Prioritise labour and skills shortages or suffer the consequences

The farming sector must prioritise the labour and skills shortages we face or suffer consequences warns NFU Scotland’s Skills Development Policy Manager George Jamieson.

The recent and very informative Exeter University publication analysing the issue of labour and skill in the farming sector – read more at: - mirrors many issues already identified by NFU Scotland.

The study, by Dr Caroline Nye and Professor Matt Lobley from the University of Exeter, commissioned by the Worshipful Company of Farmers (WCF) and funded by the WCF and The John Oldacre Foundation, says farms will need to become more competitive and attractive as places to work and the industry itself needs to improve its self-promotion.

This is a serious issue which is not new and while exacerbated by Brexit, it urgently needs the attention of the farming sector in collaboration with government and education and skill providers.

There are many issues.  The first is that, as an industry, we have been slow to realise the urgency of the challenge to recruit and train staff, now and in the future.  In addition, government, government agencies and the education professionals have not responded to or recognised the massive contribution the farming sector plays and will play in food security, climate change, biodiversity, tourism, rural communities etc. 

What should be clear is that all stakeholders must genuinely collaborate to address the shortage of staff with the required skills. All businesses are built on the foundation of skilled and motivated people, none more so than modern farming.

This new analysis provides excellent research findings from a UK basis, often with statistics from England, but our own Skills Development Scotland has also produced recent research of value.

This indicates that, in addition to the current shortage of labour and skills, there is expected to be a need to replace as many as 60% of the labour force in Scottish farming in the next decade.  That is due to an aging work force, fewer young people and competition from other sectors.

NFUS has recently held 15 focus groups covering all the regions of Scotland and all the individual farming sectors to understand more fully the issues farmers face in staffing and skills requirements.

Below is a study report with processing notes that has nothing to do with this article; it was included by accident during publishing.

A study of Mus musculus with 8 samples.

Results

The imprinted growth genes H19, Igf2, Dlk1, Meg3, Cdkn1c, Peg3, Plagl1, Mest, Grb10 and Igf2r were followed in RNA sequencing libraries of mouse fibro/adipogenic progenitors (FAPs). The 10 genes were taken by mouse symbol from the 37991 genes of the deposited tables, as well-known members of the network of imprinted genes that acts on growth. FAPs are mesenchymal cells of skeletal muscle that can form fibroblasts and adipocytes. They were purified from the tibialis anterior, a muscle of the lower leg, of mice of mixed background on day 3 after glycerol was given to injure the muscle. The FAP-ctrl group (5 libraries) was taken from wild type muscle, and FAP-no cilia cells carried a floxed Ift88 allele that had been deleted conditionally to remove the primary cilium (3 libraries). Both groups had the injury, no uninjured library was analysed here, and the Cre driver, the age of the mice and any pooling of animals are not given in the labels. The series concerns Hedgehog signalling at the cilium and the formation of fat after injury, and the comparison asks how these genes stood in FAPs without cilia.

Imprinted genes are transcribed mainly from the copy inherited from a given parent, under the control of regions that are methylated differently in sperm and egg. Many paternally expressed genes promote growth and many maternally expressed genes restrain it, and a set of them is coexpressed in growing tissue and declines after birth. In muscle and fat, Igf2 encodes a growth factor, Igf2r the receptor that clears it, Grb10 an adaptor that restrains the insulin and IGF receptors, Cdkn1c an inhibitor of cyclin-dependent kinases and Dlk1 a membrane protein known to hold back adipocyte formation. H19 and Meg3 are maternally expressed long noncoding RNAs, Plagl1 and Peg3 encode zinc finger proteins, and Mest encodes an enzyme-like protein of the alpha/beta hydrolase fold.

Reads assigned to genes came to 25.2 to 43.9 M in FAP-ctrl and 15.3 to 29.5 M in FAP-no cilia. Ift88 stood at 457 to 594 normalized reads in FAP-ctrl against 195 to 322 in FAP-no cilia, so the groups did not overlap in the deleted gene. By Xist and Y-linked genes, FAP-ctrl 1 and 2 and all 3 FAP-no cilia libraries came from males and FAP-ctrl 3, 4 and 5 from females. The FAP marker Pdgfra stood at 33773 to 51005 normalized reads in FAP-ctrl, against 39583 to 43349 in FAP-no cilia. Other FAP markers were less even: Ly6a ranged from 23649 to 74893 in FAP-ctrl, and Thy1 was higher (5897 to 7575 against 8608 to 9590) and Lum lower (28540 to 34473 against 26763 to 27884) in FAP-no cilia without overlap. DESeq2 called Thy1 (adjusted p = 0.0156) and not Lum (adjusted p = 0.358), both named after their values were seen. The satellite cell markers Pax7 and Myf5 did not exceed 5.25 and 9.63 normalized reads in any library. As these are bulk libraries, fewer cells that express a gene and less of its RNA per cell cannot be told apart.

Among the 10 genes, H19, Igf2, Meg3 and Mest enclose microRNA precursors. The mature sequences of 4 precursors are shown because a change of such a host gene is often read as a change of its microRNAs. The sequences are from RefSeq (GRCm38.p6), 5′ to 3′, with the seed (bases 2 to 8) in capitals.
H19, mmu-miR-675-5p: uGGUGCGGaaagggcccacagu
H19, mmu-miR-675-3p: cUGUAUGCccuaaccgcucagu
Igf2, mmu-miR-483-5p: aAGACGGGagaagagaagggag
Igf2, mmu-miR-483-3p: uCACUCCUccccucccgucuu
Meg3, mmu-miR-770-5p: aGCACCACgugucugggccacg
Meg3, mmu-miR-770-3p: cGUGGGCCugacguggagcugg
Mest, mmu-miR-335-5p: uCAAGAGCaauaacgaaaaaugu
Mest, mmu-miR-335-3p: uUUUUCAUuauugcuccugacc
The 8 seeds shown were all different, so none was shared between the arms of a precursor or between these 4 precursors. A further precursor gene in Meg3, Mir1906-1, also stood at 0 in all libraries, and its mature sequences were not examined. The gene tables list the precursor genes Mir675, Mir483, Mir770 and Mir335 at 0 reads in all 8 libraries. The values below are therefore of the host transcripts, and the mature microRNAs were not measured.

The meetings were consistent in indicating genuine concerns in retaining, attracting and replacing staff at all levels of ability and skill. While different regions and sectors had their particular problems and solutions, there was genuine concern about who will work on farms in future years and where they will come from. The problems are in casual and full-time workers, and we need solutions that are based on practicalities and needs, not UK government rhetoric. 

This recent Exeter University research document and NFUS research has identified where we can make progress. There is an acknowledgement that our industry must ‘sell itself’ more as a crucial sector which has significance to all.  That requires skilled and able people, who should be rewarded appropriately.  

There were also clear concerns that schools did not promote farming as career, underestimating the opportunities at all levels of ability. 

Tertiary education was also identified as being an area where there is scope for improvement in promoting and offering courses and opportunities for young people alongside upskilling for existing and new staff in partnership with industry. 

NFUS has also identified the genuine problems facing small rural businesses, who lack time and resource to be informed about the various opportunities available to support training. The ability to support young people in accommodation and transport requires careful and creative thinking, while education and skill providers need recognition of the costs of rural education.

NFUS strongly believes that the very clear message to all in the farming sector, is that we must address all these challenges.  We are working with the Skills for Farming Group, and government and its agencies to raise the issue with urgency and the need to recognise the fundamental place of agriculture to society.

Author: George Jamieson

Date Published:


George Jamieson

George Jamieson graduated from SRUC in 1977, then ran the family farming partnership specialising in pedigree breeding and commercial milk production, cereal, beef and sheep enterprises and environmental schemes. In 2001 George left the family business to work for the Scottish Governments Rural Affairs Department office in Dumfries before promotion to management in the Hamilton office, covering all the agriculture schemes, and secondment to policy implementation in Edinburgh. From the civil service George moved to SRUC to work as consultant with SRUC in the Dumfries Office, covering business, technical and subsidy/grants, with specialist involvement in dairy and the Rural Development Programs. Joining NFUS in 2008 as Milk Policy Manager, after 10 years he now has the policy responsibility for Education and Skills in the land based sectors.